To the best of authors’ knowledge, this is the first meta-analysis conducted on the prevalence of diabetes and prediabetes among armed forces personnel. Several investigations have reported the prevalence of diabetes and prediabetes among different components of armed forces. However, the result of these studies has demonstrated a range of variability in the prevalence. The reported prevalence of diabetes in armed forces was varied from 0.0–32.1% or even higher, depending on different diagnostic criteria, age, HDI of countries, special diet, and other environmental factors. The present meta-analysis also indicated that different types of armed forces might play a significant role in the prevalence of dysglycemia.
The obtained results demonstrated that the prevalence of diabetes among the military personnel (7.41%) is lower compare to that of the police officers (13.87%). The highest reported prevalence of diabetes was also related to studies carried out among police officers [16, 19]. The overall prevalence of diabetes among military personnel, not police officers, is under the global prevalence of diabetes (9.30%) . This prevalence is uneven since policemen are expected to be in good shape with regular physical activities. Several previous studies conducted among police officers demonstrated the high prevalence of overweight and obesity made them susceptible to diabetes and heart disease [33, 34]. These risk factors of dysglycemia also were associated with a mean age of study population, and elderly participants were more prone to develop diabetes . These were consistent with the results of meta-regression among police officers.
The most frequent and highly rated stressors might be the other main reasons for the high prevalence of many mental and non-communicable diseases in this occupation group [35, 36]. Moreover, ergonomic problems, long work hours, and particular nutrition regimen should not be underestimated [37, 38]. Recent comprehensive studies also showed the prevalence of metabolic syndrome, and its component is high among policemen relative to the general population [9, 19].
However, the overall prevalence of diabetes among military personnel is lower than that of other components of armed forces. Several studies reported that diabetes only affected less than two percent of this occupational group [22, 28, 30]. In addition to a more appropriate lifestyle, there are some other factors contributing to the low prevalence of diabetes in the military unit. Men are initially recruited at younger ages and undergo regular medical checkups, physical training, and calorie-controlled diets. Then, those individuals with underlying medical conditions, including central obesity, are exempted from these services or replaced in public services [9, 39]. Hence, some included military personnel in the present investigation might have a better health-related quality of life compared to the police officers or the general population .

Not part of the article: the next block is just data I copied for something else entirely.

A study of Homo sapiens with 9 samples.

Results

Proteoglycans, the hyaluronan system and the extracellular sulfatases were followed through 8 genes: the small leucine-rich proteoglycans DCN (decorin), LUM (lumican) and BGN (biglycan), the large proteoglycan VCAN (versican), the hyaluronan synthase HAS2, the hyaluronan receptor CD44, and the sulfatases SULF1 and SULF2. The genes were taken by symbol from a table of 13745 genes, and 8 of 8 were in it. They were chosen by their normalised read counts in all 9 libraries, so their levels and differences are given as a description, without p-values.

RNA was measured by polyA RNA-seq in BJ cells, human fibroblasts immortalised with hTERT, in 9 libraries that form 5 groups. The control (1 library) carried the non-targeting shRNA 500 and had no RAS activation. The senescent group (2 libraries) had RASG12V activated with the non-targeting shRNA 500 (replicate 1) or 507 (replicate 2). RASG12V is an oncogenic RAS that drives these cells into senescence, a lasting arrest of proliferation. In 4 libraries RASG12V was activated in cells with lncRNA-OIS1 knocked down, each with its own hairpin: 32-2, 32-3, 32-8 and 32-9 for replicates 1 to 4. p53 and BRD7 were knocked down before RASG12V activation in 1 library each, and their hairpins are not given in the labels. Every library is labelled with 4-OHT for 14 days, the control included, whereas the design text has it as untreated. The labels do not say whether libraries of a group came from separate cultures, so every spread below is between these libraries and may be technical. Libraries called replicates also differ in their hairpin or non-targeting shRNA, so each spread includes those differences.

The results also showed that the prevalence of diabetes among this population is associated with the year of study. There are several other studies that indicated the prevalence of diabetes is increasing, passing the time [40, 41]. These are not only related to the increasing trend of physical inactivity and consumption of unhealthy diet but also progression in diagnostic techniques as well as effective strategies for detection and follow-up people with dysglycemia .
Our findings demonstrated that the prevalence of prediabetes among the military personnel and the police officers were 7.32% and 6.30%, respectively. A body of evidence has demonstrated a range of prevalence of dysglycemia in armed forces according to different biochemical criteria. Some studies reported a prevalence of impaired fasting glucose about 30–40%, particularly among police officers [16, 19, 27, 43–45]. However, the overall prevalence of prediabetes in included studies is under the estimated prevalence of the adult population (7.30%) around the world . However, the fasting blood glucose should be screened regularly among armed forces personnel, as an affordable and invaluable biochemical factor, and impaired fasting glucose would be better to consider as a critical index for early detection and prevention of at-risk population.